United Nations high commissioner for human rights Michelle Bachelet has said that investigations into allegations of grave human rights violations in Myanmar’s Rakhine state remain absent.
She said, ‘There are currently no conditions for the voluntary, sustainable, dignified, and safe returns of the over 7,30,00 Rohingyas currently in Bangladesh, as well as the almost 130,000 internally displaced people who have been living in camps in central Rakhine since the violent events of 2012.’
On Wednesday, Bachelet presented reports on the situation in nine countries including Myanmar, as mandated by the UN Human Rights Council.
Bachelet urged rapid steps towards creating the requisite conditions for safe and voluntary returns, as well as recognition by the authorities of the reality of what has occurred, as a first step towards real accountability.
Referring their report she also said no steps have been taken to adequately address the issue of citizenship of the Rohingya people.
There is essentially no representation of the Rohingya community at any level of decision-making, said Bachelet.
On Myanmar, the UN rights boss said systematic discrimination and pervasive restrictions on freedom of movement continue to severely damage the human rights and fundamental freedoms of members of the Rohingya community.
Their report on the situation of human rights of Rohingya people in Rakhine state assessed progress made by Myanmar in its cooperation with the mechanisms in five principal areas which they have consistently identified as human rights priorities: citizenship; participation in public life; fundamental rights and freedoms; displacement and the right to return; and accountability, according to a message received from Geneva.
It noted initial steps by the government of Myanmar to implement some recommendations, particularly among those issued by the Advisory Commission on Rakhine state.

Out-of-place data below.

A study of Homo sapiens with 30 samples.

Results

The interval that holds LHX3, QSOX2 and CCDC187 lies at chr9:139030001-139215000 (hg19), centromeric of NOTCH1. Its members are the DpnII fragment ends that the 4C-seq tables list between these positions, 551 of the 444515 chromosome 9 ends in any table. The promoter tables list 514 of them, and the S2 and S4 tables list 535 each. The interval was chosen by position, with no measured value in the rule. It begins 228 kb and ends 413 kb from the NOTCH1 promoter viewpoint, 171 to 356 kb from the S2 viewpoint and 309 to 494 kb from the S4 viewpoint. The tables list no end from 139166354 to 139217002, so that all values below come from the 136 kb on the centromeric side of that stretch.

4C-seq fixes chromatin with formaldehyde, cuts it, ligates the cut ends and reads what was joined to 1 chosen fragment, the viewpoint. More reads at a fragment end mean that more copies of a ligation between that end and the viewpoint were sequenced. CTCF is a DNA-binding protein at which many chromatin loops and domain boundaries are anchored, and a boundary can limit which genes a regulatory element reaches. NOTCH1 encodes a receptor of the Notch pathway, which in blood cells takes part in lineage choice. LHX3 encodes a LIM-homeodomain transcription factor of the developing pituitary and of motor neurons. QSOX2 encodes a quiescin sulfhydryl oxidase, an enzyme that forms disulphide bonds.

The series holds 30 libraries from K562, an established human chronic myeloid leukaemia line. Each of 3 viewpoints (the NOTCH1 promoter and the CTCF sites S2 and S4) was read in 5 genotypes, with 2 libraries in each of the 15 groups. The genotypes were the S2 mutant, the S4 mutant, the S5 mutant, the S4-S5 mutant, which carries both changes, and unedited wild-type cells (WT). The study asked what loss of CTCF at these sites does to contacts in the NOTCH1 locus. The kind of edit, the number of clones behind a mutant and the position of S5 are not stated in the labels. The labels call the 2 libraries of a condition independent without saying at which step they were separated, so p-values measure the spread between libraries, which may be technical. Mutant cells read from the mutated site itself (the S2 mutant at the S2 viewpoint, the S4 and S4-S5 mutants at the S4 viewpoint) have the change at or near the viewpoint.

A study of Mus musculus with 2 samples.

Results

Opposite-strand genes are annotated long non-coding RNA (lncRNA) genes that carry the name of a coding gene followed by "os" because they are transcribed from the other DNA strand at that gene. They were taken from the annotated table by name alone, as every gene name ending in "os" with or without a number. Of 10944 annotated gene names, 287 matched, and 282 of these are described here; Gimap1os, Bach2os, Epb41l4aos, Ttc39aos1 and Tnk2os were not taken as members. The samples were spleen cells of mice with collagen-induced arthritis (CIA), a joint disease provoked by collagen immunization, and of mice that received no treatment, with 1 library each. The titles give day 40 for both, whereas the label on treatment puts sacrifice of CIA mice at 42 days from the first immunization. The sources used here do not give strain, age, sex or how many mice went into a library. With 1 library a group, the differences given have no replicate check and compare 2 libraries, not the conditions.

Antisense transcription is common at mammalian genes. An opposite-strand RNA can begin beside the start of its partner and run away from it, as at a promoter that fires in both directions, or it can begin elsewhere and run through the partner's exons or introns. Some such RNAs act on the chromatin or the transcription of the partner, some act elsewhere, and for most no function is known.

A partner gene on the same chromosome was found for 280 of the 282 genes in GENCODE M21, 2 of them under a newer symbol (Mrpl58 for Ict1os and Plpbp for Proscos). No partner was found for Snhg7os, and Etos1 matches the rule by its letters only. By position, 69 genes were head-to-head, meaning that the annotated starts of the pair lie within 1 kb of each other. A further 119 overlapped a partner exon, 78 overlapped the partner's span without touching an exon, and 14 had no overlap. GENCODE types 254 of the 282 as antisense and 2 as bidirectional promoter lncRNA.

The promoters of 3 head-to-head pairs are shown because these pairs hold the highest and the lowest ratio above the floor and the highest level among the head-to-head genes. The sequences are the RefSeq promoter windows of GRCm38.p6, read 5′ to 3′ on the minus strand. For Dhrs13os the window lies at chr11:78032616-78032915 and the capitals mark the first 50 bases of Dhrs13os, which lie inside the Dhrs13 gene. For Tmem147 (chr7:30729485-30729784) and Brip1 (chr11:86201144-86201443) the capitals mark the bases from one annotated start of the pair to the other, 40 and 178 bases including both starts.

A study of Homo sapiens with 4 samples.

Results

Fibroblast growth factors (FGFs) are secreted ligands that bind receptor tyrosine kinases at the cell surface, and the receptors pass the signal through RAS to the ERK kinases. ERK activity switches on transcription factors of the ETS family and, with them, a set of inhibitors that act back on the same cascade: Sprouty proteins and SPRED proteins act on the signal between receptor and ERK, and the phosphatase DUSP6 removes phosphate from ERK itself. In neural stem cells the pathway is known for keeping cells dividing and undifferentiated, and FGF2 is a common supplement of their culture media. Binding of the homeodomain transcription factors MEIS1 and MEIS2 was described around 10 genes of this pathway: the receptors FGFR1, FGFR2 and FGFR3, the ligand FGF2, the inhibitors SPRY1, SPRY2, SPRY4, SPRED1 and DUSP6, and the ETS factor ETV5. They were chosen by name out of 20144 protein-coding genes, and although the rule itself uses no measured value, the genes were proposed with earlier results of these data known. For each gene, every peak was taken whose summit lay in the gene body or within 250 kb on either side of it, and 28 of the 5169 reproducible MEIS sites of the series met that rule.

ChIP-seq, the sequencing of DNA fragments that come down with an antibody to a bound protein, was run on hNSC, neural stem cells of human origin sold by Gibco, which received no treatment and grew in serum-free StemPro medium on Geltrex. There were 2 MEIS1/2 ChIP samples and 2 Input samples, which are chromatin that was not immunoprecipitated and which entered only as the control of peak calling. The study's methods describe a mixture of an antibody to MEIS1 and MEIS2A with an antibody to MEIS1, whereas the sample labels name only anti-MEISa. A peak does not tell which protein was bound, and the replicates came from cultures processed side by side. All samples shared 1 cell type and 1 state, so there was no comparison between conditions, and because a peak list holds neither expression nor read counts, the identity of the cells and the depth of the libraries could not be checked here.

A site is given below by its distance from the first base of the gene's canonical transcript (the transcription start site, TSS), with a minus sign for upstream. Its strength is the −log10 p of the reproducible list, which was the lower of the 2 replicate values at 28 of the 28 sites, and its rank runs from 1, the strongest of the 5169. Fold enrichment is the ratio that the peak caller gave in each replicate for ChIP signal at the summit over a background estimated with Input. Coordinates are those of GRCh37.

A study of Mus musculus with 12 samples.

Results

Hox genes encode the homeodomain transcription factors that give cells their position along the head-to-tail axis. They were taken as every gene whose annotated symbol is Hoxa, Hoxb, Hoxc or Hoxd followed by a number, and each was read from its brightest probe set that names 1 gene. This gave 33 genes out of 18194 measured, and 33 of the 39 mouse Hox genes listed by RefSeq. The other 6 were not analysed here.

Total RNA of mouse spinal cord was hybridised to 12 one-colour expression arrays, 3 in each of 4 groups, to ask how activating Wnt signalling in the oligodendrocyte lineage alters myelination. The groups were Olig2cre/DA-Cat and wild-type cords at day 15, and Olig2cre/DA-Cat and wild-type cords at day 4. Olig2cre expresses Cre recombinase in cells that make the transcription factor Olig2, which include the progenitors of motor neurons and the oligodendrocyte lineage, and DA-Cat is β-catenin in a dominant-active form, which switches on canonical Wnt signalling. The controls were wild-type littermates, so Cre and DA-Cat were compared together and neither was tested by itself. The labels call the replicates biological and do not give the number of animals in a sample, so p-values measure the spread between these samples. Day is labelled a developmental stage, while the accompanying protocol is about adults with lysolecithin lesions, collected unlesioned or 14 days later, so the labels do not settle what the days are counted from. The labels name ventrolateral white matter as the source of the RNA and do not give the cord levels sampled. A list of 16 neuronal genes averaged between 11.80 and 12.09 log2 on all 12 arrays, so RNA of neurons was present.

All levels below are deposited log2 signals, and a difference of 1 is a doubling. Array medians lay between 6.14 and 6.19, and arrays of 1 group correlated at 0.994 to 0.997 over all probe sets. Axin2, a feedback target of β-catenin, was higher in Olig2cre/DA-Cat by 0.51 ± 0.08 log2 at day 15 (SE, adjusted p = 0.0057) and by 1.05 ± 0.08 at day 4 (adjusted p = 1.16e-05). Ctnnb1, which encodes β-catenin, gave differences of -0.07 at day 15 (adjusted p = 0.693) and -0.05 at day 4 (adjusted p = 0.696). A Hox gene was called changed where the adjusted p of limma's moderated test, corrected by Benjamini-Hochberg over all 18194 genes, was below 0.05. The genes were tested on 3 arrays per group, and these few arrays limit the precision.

However, the report emphasised that the overall objectives of the recommendations remain largely unaddressed, with no significant progress observed on human rights concerns raised in previous reports.
It also raised concerns regarding participation in public life, noting that there is essentially no representation of the Rohingya community, at any level of decision-making.
It recommended measures to ensure their participation in political processes, particularly in view of the 2020 parliamentary elections, as well as adequate representation in the civil service.
The report called for immediate and concrete measures to put an end to this situation, as repeatedly recommended by the Advisory Commission on Rakhine State and the UN human rights system.
Bachelet said the government should address major concerns that perpetuate segregation and bar access to basic services, including limited freedom of movement, access to health services, and livelihood opportunities.
‘Participation of refugees and IDPs at all stages of the return processes is a critical element for the creations of adequate conditions.’
The report expressed concern about the absence of investigations into allegations of the grave violations of human rights that have been occurring in Rakhine, following the attacks of August 2017, and the failure to investigate or prosecute high-ranking officials of the military.
In several other areas, notably Kachin State and Shan State, armed conflict and related humanitarian issues also give rise to concern.
Since 2012, Myanmar has created eight commissions of inquiry, all of which exonerated the security forces from any criminal responsibility for acts committed during fighting and clearance operations.